The United Arab Emirates must “learn to live with COVID-19” and the pandemic response is no longer a key priority for businesses such as the country’s private healthcare companies, the CEO of one of the largest companies has said.
Vayalil also said while he believes face masks “are here to stay,” other safety protocols to manage the spread of the virus will continue to diminish.
“We won’t see the daily [COVID-19] numbers anymore,” he said. “We need to learn to live with COVID and we have started to. It will become just like the flu.”
“I don’t think getting scared and moving away is going to be an option, especially with the new waves. We have to get back to normality for the sake of the economy… It rather becomes part of us, and we all have to continue to learn to be living with something like that amongst us.”
Worldwide, public health officials and infectious disease experts have said there is a high likelihood that COVID-19 will become an endemic disease and governments are starting to consider an eventual shift to a ‘living-with-the-virus’ approach – despite the World Health Organization (WHO) warning in January that it is too soon for countries to be treating COVID as an endemic illness like flu.
Across the UAE, other media experts echoed the view that the threat of COVID-19 - and its impact on daily lives - will continue to diminish.
Dr. Mohamed Khalafallah, Acting Medical Director and Consultant – Obstetrics and Gynecology at Bareen International Hospital – MBZ City, told Al Arabiya English: “In the UAE, COVID-19-related restrictions are gradually being lifted on activities and events in various economic, tourism, entertainment facilities, shopping centers, and modes of transport.”
“Moving towards easing COVID-19 restrictions can be attributed to a high vaccination rate in the country and a solid commitment by the general public to continue following the basic health and safety measures such as frequent hand washing/sanitizing, wearing face masks, physical distancing, among others,” he continued.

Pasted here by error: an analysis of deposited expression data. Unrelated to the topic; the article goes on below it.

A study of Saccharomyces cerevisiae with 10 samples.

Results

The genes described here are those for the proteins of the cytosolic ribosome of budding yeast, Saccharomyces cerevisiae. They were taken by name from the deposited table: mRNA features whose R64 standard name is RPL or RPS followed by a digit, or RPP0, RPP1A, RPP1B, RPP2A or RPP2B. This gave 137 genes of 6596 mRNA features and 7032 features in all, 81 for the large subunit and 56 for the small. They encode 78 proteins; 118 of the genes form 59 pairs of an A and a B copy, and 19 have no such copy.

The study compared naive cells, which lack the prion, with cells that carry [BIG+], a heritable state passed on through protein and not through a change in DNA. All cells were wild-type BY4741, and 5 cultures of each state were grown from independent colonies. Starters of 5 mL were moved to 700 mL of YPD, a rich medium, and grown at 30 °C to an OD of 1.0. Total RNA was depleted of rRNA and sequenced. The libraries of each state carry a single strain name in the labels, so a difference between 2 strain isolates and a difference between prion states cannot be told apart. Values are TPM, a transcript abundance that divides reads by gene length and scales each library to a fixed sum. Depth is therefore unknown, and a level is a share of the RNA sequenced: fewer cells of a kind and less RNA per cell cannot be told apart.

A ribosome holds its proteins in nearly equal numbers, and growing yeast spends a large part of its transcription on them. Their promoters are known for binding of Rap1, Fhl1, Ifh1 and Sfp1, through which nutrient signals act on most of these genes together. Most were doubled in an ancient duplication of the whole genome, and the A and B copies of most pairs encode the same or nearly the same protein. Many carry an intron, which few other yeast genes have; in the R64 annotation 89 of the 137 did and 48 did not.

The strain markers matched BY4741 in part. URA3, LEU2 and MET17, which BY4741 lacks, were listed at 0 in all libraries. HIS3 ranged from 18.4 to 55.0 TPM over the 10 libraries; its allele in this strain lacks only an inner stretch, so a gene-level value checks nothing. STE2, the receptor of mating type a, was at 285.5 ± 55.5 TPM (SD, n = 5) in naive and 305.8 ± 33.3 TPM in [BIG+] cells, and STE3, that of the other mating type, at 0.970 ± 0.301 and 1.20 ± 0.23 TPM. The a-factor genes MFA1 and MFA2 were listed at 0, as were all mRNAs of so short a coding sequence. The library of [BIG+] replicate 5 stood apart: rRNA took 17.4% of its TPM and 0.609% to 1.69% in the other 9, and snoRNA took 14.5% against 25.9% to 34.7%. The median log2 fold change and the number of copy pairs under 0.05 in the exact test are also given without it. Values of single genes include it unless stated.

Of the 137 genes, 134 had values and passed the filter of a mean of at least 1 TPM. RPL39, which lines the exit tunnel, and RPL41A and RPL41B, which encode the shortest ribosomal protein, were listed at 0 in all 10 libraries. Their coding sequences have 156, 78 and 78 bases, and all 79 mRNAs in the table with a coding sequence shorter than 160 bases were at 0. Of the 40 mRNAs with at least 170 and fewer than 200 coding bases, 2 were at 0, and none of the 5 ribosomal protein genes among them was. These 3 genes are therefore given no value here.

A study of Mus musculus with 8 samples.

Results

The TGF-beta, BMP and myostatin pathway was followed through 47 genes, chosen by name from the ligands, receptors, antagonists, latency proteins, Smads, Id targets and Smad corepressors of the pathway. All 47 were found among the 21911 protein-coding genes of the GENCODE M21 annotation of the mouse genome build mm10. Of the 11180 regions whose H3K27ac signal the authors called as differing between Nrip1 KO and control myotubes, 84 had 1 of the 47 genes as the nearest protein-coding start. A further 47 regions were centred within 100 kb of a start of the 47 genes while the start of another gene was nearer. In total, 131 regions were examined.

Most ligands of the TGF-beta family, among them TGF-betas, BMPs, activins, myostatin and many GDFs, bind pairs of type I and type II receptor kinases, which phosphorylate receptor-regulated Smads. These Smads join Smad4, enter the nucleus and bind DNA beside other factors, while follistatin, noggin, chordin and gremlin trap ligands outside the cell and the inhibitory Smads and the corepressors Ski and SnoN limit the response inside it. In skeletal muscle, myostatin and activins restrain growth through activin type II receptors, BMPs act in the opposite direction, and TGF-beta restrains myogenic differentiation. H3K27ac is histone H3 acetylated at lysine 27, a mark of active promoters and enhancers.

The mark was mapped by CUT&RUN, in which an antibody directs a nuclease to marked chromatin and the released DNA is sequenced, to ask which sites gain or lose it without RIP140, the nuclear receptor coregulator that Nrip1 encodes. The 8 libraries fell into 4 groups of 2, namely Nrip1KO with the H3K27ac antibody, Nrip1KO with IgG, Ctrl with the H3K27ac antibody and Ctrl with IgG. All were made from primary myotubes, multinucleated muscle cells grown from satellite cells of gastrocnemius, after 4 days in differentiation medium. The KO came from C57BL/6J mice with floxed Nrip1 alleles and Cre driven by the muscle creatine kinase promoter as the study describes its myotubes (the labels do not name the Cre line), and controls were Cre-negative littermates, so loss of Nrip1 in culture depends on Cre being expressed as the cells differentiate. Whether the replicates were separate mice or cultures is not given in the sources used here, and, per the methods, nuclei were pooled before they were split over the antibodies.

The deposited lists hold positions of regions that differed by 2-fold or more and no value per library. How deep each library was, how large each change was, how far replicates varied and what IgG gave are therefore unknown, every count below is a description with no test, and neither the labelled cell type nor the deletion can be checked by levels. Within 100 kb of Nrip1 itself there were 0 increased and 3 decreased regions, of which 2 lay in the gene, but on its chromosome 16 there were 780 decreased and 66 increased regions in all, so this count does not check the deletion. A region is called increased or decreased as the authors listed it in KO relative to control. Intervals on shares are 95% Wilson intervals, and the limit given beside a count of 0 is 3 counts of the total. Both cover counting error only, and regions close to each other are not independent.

“The COVID-19 situation continues to be monitored with procedures and protocols updated accordingly but as the ease gradually continues, we need to align our efforts as well to address health issues such as obesity, diabetes, cancer and other chronic health conditions.”
At VPS, Vayalil said his company is shifting its focus away from the pandemic.
Initially, responding to COVID-19, became a major part of its operations.
“We went all out,” the billionaire businessman told Al Arabiya English.
To date, across its network of hospitals and clinics, VPS has overseen some 2.1 million PCR tests, with 18,000 tests still being carried out daily.
At the onset of the pandemic, VPS worked with the government to implement heat scanners to screen passengers entering the airport and was also one of the first healthcare groups to transform its flagship hospital – Burjeel Medical City – into a COVID-19 dedicated hospital, with 400 beds ready for infected patients and rolled-out one of the largest vaccination missions, with more than five million vaccines administered to date.
As the pandemic progressed, VPS became “more creative” with its business approach to handling COVID-19, such as winning the contract to manage “bio bubbles” to ensure the safe return of major sporting events such as T20 World Cup in Abu Dhabi.
However, now it believes the time has come to shift the focus away from the pandemic.
At VPS, Burjeel Medical City has shifted its focus back to oncology and no longer accepts COVID-19 patients.
Only one hospital under its operations – Abu Dhabi’s Mafraq Hospital – is dedicated to COVID-19. VPS is reprioritizing its longer-term missions of education, clinical research and specialties, pharmaceutical exports, biopharma and medical tourism.
“We didn’t want to become a one-trick pony… At the time we had a responsibility for the community,” said Vayalil.
“But the pandemic, we always knew, was going to be a one-off. We didn’t want to become too dependent on COVID-19 as a business stream.”